In a clinical trial, British researchers found that many patients were able to remain in remission for months after their doctors lowered their doses of the drugs methotrexate and Enbrel (etanercept).
What's more, some continued to do well when they were taken off the drugs altogether, the researchers said in the Nov. 6 issue of the New England Journal of Medicine.
The findings suggest it's "reasonable" to lower, or even stop, certain patients' medication doses, wrote the researchers, led by Dr. Paul Emery of the University of Leeds.
But experts not involved in the study stressed that there are some big unknowns.
For one, it's not clear which patients would likely do well if their drug doses were cut, and which ones might see their symptoms flare again, said Dr. David Borenstein, a rheumatologist and professor of medicine at George Washington University in Washington, D.C.
Those are questions researchers are actively trying to answer, Borenstein said. There could, for instance, be indicators (so-called "biomarkers") -- such as proteins in the blood -- that would help predict a patient's likelihood of doing well with a treatment change.
"We're trying to fine-tune individual patients' care, and figure out who can, in fact, go without a medication and who needs to continue it," Borenstein said.
But for now, he said, people whose rheumatoid arthritis is well-controlled should probably stick with their treatment plan, unless there's a "compelling reason" to change it.
"My feeling is, don't mess with success," Borenstein said.
Rheumatoid arthritis arises when the immune system mistakenly attacks and inflames the lining of joints throughout the body, leading to pain, swelling and stiffness. Over time, that inflammation can cause irreversible damage to the joints.
Because of that, early treatment is key, Borenstein said.
Patients in the current study were all in the early stages of the disease. Initially, 222 patients spent a year on weekly injections of Enbrel, along with the oral drug methotrexate. Of that group, 193 saw their symptoms go into remission by the one-year mark, and they entered the next phase of the study.
At that point, Emery's team randomly assigned them to one of three groups: One had their drug doses lowered, one stopped taking Enbrel, and one stopped both medications.
After about eight months, the investigators found that 63 percent of patients on the lowered doses were still in remission. That compared with 40 percent of those on methotrexate alone, and 23 percent of those taking neither drug.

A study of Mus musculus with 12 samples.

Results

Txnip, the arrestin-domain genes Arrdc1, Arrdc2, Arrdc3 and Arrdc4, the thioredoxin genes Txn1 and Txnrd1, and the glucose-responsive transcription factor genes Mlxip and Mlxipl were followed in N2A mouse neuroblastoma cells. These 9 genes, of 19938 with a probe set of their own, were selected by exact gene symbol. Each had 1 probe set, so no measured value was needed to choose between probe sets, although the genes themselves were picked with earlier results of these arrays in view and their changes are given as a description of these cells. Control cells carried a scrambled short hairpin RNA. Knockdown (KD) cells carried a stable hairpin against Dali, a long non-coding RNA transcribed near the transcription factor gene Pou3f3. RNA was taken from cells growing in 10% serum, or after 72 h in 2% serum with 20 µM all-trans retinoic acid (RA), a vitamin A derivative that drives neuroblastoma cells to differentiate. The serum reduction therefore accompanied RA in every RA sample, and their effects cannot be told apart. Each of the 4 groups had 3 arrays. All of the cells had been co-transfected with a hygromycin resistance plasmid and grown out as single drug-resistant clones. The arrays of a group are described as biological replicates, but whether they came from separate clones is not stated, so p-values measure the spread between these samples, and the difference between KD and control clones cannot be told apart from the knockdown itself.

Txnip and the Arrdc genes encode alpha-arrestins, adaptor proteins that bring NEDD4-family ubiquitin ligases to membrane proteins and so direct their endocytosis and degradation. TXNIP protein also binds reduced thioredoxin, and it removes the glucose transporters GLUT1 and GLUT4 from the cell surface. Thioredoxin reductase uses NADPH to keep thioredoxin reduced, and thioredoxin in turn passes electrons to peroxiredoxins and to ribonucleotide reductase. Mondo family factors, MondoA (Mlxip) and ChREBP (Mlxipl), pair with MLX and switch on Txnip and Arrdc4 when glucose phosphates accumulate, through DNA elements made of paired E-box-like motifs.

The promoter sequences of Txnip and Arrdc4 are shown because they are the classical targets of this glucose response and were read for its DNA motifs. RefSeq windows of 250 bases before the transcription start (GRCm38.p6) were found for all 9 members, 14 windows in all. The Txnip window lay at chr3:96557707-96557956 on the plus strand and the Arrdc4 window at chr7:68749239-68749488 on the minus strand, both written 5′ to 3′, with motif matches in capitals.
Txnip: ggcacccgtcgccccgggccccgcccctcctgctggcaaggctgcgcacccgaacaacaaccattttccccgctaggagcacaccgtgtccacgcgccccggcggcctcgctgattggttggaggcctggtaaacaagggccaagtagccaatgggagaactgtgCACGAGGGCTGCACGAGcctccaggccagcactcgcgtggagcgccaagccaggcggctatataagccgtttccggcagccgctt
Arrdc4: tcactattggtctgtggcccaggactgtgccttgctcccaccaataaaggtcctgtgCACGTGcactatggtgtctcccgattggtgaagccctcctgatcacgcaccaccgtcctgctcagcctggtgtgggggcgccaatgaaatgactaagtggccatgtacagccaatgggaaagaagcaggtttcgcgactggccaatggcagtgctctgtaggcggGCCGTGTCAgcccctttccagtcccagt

In a final step, Emery's team had patients who were still in remission stop all treatment. About six months later, some remained in remission; those who'd been on lower doses of Enbrel and methotrexate fared the best -- with 44 percent still in remission.
Enbrel is one of a group of rheumatoid arthritis drugs that block an immune system protein called TNF, which helps curb inflammation and prevent joint damage. Methotrexate is an older drug that also fights inflammation.
There are good reasons to figure out whether patients can take breaks from the drugs, or cut the doses, according to Borenstein.
TNF blockers are very expensive, he pointed out, and both medications can have significant side effects.
"But," Borenstein said, "the concern is, that could lead to structural damage [in the joints], and there's no way for us to reverse that."
Another rheumatologist who reviewed the study agreed that important questions remain.
"This doesn't give us enough guidance to make broad-based recommendations," said Dr. Diane Horowitz, of North Shore University Hospital in Manhasset, N.Y. "This is a first step."
"I'm not saying we should never lower patients' doses," she added. And in certain cases -- such as when a patient can't tolerate the medications' side effects -- the current findings offer useful information.
But, she said, longer-term studies are needed before any general recommendations could be made.
Enbrel maker, Pfizer Inc., funded the study, and several of the researchers work for the company.